Silly me, telling you that my next post would be happy. Tut, tut.
Yesterday began simply enough. Todd’s truck was being repaired, so he took the car to work—which always makes me feel trapped. The kid and I woke up later than normal (that was nice!), hung around, played a bit, watched Sesame Street, and then decided it was warm enough to go outside. The sun was beaming, the sky was a glorious shade of blue, and we donned our jackets and stepped onto the porch.
It was a pretty day, but the wind was whipping. We ended up huddled first in the protected sunken driveway, and then on the sunny porch that is somewhat shielded from the buffeting gales. We finally gave up and went inside. The whole time we braved the cold, I was wondering where Todd was. He was supposed to come home for lunch, thus returning the car, and then I would take him back to work after lunch and he’d ride home with a friend who lived near the car-repair shop that had his truck.
He didn’t come. And he didn’t come. And a twinge of worry crept into my tummy. We started to eat a late lunch without him. And finally, I heard the garage door. He was home.
And I knew, as he climbed the steps toward me, that we had become a statistic.
I knew from his face, from the unspoken apology in his expression, from the stiffness of his gait. I knew before he ever said, “You don’t need to take me back to the office.” I knew.
No one yelled or cried. We were amazingly calm, although I realized my hands were shaking as I finished making my sandwich. It’s not as if we’re the first to have this happen, and I’d be lying if I said I hadn’t been half-expecting this for the past year. We kept ourselves slightly perky, to belie our trepidation for our little boy’s sake. Daddy told him he’d need to find another job, because he wasn’t needed at this one anymore. And our attentive boy commented, “So 3 people lost their jobs.” Which means he’s been listening carefully—because yes, last week’s scary announcement at Todd’s job involved a layoff of 2 other folks from a sister company.
We finished lunch in mostly silence, while I tried to distract the kiddo with questions about preschool. I don’t think he was fooled, but he seemed to appreciate the conversation.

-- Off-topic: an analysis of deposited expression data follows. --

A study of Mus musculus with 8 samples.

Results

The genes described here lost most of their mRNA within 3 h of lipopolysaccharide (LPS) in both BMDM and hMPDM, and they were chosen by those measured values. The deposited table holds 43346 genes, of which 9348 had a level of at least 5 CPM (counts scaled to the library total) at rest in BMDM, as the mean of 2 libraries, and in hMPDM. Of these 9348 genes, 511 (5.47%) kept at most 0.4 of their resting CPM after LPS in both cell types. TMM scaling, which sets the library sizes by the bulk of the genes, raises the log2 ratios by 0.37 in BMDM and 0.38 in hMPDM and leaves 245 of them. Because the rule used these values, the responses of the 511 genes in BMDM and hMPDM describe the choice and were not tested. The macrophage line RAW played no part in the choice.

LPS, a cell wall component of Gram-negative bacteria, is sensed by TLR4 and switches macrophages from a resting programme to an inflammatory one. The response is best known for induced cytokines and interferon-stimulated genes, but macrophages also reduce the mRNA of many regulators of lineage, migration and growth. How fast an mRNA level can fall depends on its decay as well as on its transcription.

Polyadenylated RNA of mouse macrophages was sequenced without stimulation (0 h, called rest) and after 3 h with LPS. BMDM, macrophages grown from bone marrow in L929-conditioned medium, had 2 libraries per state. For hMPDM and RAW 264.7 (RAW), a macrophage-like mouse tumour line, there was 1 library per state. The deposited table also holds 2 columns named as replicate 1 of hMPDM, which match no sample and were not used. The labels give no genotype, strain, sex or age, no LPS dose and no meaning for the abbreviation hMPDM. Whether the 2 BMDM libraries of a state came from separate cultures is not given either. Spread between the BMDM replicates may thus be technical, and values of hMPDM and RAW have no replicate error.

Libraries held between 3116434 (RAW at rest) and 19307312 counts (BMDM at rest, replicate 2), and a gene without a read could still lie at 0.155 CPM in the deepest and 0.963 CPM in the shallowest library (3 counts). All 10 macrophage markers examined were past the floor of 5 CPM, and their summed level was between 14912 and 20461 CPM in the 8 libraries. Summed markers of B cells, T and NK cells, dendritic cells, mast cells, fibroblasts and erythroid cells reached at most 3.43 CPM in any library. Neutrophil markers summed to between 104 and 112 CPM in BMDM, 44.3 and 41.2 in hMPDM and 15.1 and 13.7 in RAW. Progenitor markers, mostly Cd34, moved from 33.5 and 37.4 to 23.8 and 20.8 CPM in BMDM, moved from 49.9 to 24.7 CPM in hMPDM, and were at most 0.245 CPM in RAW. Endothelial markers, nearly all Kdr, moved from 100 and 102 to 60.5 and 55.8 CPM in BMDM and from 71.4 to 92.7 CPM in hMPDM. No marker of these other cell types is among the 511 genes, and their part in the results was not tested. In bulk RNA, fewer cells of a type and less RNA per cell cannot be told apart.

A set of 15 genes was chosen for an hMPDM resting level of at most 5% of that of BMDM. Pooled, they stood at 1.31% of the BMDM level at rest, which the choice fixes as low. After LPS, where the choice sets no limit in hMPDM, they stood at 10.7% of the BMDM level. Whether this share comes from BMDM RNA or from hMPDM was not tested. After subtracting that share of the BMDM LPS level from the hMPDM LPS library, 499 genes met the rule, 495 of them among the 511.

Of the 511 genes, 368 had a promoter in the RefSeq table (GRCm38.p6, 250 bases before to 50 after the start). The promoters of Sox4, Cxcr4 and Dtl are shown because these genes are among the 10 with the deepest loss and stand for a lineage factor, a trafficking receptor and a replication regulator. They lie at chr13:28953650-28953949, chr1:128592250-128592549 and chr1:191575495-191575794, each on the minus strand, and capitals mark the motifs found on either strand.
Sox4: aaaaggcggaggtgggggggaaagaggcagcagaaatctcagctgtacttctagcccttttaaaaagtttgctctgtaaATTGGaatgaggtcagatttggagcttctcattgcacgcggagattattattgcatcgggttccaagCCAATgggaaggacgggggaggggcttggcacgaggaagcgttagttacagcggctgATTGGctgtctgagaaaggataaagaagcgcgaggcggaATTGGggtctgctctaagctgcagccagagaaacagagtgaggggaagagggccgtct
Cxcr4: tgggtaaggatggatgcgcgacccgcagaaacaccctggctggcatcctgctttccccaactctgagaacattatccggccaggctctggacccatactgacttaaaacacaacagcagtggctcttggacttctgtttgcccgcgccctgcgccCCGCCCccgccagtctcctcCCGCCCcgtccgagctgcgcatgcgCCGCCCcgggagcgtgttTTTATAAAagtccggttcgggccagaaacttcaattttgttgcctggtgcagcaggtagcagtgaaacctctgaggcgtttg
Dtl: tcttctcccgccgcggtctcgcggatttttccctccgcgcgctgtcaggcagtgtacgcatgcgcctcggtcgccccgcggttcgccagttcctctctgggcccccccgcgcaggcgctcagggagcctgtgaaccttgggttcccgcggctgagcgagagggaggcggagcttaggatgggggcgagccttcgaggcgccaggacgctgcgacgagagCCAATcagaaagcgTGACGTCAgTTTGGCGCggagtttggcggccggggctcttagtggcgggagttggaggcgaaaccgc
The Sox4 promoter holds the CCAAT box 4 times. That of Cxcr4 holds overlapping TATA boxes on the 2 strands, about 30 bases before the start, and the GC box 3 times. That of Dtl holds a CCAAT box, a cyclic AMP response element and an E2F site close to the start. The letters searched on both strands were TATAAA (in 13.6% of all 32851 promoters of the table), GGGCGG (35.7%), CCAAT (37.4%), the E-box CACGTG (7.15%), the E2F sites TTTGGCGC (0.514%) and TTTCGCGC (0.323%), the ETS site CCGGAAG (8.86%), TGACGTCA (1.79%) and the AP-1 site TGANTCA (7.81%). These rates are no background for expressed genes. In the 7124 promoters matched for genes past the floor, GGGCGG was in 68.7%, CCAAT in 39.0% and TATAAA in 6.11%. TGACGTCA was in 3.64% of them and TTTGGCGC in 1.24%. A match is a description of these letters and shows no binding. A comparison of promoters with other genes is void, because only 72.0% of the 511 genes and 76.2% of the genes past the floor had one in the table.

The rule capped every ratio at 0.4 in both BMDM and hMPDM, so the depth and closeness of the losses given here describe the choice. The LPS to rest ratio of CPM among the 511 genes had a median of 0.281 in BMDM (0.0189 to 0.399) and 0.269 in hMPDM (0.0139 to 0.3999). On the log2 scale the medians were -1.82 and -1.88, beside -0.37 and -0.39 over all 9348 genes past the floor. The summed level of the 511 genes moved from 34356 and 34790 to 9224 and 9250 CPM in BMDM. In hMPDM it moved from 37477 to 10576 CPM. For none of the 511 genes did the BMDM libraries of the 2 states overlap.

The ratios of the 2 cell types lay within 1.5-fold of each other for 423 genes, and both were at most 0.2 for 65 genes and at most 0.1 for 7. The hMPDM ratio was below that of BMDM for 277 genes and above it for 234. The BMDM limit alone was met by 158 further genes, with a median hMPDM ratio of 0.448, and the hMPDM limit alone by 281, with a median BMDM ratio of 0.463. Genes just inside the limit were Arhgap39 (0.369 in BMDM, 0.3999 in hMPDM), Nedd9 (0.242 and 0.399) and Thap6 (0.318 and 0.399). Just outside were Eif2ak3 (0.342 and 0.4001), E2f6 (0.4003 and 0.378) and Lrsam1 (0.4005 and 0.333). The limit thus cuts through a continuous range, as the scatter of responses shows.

Then we all climbed into the car for the long drive to retrieve the truck, a haul even without traffic, and we timed it perfectly to coordinate with end-of-day traffic. To make matters worse, there’d been a misunderstanding between mechanics and while one had told us the truck was finished, in actuality it was not. We paid and loaded ourselves back into both vehicles, knowing all the while that Todd would have to turn around and make the same stupid trip the next day.
As I followed my boys through the streets of that small town, making our way toward the inevitable hell of rush hour around Pittsburgh, we stopped at a red light and I found myself gazing around at various store fronts. One place was an embroidery specialty store (now, honestly, do you see that surviving this economy? What a shame.) The store had a large window with a low, wide ledge, and I noticed motion on the ledge. Awww! There were two adorable pugs, watching the traffic, their funny compressed noses tilted slightly upward as they gazed at passersby. I looked at the light to make certain it had not yet changed to green, and then I glanced back at the storefront.
The dogs were copulating.
Yep, right there, in the window of an embroidery store. So inappropriate. And I guess I shouldn’t assume that the male dog was accomplishing anything—I was not close enough to be sure of his success or lack thereof—but the “under-dog” had resigned herself to the activity and was just trying to outlast the event. She looked distracted and weary. She knew there was no use fighting or trying to escape; she was just waiting until it was over. When the light changed to green, I pulled away, leaving the dogs to their scandalous window activities, and the thought that was foremost in my mind was this: I guess everybody gets theirs at one point or another.
The moral of the story? Sometimes you’re “top dog” (not to be facetious), and sometimes you’re the other dog.